Laval Anthro Students on Strike
Quebec Students Join International Movement
In tandem with the Global Day of Action hosted by the International Student Movement, an online platform for student activists, the Association des étudiantes et étudiants en anthropologie at Université Laval in Quebec City held a one-day strike on Oct 18.
The association will also be striking from Nov.14 to 22, during the “Global Student Strike,” also an International Student Movement initiative.
“The reasons [for the strike] are a bit more general than in the case of the student strike of last winter,” said a member of AEEA’s executive, who requested not to be named.
The AEEA executive cited “many polemics at the global level on the subject of education” as the reason for holding the strikes. “It’s a question of commercialization […] a big reflection on what education has become today,” she said.
Most courses in Laval’s anthropology department have been cancelled for the strikes. On Thursday, students participated in a special conference and discussion on the Printemps Erable and the association’s future role in student mobilisation on an international level.
Students also discussed the Association pour une solidarite syndicale étudiante’s plans for the week-long strike in November, including the organization of popular education activities to stand in for cancelled classes.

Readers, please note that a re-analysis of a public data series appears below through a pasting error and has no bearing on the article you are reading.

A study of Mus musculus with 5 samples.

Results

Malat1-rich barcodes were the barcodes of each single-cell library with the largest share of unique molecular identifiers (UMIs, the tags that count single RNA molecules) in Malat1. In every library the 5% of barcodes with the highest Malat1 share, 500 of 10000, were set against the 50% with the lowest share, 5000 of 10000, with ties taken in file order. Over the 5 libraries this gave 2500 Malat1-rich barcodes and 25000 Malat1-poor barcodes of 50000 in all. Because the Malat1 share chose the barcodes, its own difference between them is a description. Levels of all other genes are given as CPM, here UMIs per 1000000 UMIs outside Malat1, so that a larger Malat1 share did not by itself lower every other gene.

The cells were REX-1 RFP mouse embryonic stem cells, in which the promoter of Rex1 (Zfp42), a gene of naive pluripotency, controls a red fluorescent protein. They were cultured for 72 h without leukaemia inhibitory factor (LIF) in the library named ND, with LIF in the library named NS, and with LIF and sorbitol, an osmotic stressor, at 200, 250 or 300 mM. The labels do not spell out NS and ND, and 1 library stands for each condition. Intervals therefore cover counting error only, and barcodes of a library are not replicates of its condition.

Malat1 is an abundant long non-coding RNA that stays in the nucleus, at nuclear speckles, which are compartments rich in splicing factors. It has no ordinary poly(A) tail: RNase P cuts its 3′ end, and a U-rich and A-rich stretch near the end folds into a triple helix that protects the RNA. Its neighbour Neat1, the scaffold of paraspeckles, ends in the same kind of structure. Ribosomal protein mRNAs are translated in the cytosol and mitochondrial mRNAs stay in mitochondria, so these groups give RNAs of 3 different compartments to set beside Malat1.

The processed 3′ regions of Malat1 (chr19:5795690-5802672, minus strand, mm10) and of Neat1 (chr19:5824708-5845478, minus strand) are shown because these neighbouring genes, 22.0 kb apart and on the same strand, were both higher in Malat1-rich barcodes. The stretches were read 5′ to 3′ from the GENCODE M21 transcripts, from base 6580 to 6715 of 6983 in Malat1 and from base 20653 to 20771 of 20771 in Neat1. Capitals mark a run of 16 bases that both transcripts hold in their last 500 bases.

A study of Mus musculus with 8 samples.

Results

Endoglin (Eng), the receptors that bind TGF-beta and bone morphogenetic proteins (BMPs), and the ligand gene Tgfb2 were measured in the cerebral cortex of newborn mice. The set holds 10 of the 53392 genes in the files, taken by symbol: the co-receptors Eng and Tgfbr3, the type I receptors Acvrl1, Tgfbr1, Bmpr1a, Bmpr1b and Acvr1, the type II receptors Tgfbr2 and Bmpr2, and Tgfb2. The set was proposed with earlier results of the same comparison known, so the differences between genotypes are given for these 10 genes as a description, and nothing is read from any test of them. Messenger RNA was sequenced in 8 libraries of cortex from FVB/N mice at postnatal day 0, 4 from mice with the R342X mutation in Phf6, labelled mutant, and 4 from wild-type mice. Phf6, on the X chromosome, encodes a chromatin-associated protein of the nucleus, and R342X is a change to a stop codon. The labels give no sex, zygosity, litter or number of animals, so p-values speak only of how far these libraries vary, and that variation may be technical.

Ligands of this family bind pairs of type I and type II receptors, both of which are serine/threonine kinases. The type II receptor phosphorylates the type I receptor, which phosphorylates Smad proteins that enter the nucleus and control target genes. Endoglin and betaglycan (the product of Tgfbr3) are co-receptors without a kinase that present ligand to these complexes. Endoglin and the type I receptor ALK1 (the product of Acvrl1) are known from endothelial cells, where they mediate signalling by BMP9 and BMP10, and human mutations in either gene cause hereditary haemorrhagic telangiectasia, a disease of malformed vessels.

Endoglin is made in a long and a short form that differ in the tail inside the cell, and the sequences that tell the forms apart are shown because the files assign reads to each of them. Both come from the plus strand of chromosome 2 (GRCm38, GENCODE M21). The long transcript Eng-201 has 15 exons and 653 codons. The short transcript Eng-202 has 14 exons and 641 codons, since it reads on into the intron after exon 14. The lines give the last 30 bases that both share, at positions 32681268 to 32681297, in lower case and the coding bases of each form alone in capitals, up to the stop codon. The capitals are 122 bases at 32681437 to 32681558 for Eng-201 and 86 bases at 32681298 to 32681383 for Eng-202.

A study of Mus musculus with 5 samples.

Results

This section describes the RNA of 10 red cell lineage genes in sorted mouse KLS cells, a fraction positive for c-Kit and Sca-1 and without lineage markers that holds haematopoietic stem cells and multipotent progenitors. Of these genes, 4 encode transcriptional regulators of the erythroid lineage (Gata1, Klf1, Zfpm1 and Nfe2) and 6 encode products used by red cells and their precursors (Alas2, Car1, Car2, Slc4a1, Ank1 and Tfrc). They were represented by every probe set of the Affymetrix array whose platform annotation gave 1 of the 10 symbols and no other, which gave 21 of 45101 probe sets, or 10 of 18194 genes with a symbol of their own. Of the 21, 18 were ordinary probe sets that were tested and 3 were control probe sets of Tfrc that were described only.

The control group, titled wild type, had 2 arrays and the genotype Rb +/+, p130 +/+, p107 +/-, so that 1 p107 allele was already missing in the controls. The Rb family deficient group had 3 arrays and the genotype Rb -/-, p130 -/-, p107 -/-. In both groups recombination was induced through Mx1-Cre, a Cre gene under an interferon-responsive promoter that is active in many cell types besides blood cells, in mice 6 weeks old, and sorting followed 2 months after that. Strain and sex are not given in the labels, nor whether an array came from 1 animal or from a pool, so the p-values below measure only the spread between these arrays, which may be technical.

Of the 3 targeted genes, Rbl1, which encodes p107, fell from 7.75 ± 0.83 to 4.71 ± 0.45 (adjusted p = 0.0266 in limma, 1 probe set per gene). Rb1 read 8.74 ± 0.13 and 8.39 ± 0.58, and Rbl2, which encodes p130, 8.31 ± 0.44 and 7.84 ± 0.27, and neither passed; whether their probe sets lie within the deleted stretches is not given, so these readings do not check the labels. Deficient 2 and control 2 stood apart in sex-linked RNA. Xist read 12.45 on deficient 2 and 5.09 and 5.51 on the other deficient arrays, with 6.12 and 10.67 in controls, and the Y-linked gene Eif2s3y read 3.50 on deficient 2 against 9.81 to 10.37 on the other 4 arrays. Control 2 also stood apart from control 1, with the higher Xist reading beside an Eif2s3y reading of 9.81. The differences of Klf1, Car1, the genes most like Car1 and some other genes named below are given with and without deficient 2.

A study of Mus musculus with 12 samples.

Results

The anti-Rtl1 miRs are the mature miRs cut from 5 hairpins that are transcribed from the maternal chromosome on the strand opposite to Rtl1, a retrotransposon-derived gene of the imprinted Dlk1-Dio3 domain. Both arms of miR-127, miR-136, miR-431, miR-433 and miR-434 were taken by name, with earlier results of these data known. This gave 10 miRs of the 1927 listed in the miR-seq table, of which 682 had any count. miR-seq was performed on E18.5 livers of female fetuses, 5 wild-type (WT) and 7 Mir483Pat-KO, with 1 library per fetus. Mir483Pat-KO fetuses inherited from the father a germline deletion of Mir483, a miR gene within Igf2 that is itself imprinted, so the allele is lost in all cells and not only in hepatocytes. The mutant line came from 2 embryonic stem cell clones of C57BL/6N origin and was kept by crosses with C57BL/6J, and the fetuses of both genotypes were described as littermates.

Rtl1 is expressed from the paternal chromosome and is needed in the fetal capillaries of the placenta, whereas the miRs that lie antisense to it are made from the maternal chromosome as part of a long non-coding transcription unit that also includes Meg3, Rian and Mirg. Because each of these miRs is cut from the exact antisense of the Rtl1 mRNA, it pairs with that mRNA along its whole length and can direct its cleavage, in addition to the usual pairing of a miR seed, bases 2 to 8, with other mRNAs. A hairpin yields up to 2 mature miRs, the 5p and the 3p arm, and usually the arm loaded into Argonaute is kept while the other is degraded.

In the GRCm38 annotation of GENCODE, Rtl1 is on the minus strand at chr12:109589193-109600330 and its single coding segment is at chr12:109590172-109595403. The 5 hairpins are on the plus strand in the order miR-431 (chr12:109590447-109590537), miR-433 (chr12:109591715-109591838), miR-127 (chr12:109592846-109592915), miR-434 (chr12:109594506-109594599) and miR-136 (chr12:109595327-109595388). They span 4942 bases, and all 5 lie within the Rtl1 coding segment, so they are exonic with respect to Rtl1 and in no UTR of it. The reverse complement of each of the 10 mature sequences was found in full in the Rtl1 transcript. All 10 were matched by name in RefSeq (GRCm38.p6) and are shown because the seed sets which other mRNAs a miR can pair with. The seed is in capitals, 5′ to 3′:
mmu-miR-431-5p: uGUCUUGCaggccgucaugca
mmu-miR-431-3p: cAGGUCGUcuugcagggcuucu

The AEEA represents 235 students at Université Laval.
International Student Movement
The International Student Movement’s Joint Statement has been endorsed by dozens of student and social groups from around the world, such as the Coalition large de l’Association pour une solidarité syndicale étudiante, which has been disbanded into ASSÉ.
According to the Movement’s website, protests were held in connection to Thursday’s Global Day of Action in Rabbat, Bangkok and New Orleans, among other places.
In downtown Montreal, an approximately 100-person march resulted in three arrests. According to the AEEA executive, reaching out internationally is a way for Quebec’s student movement to stay pertinent.
“It’s a way to support all the people worldwide that are in a similar situation to ours in terms of tuition fees [and] all the people who are fighting to change general opinions on education,” she commented.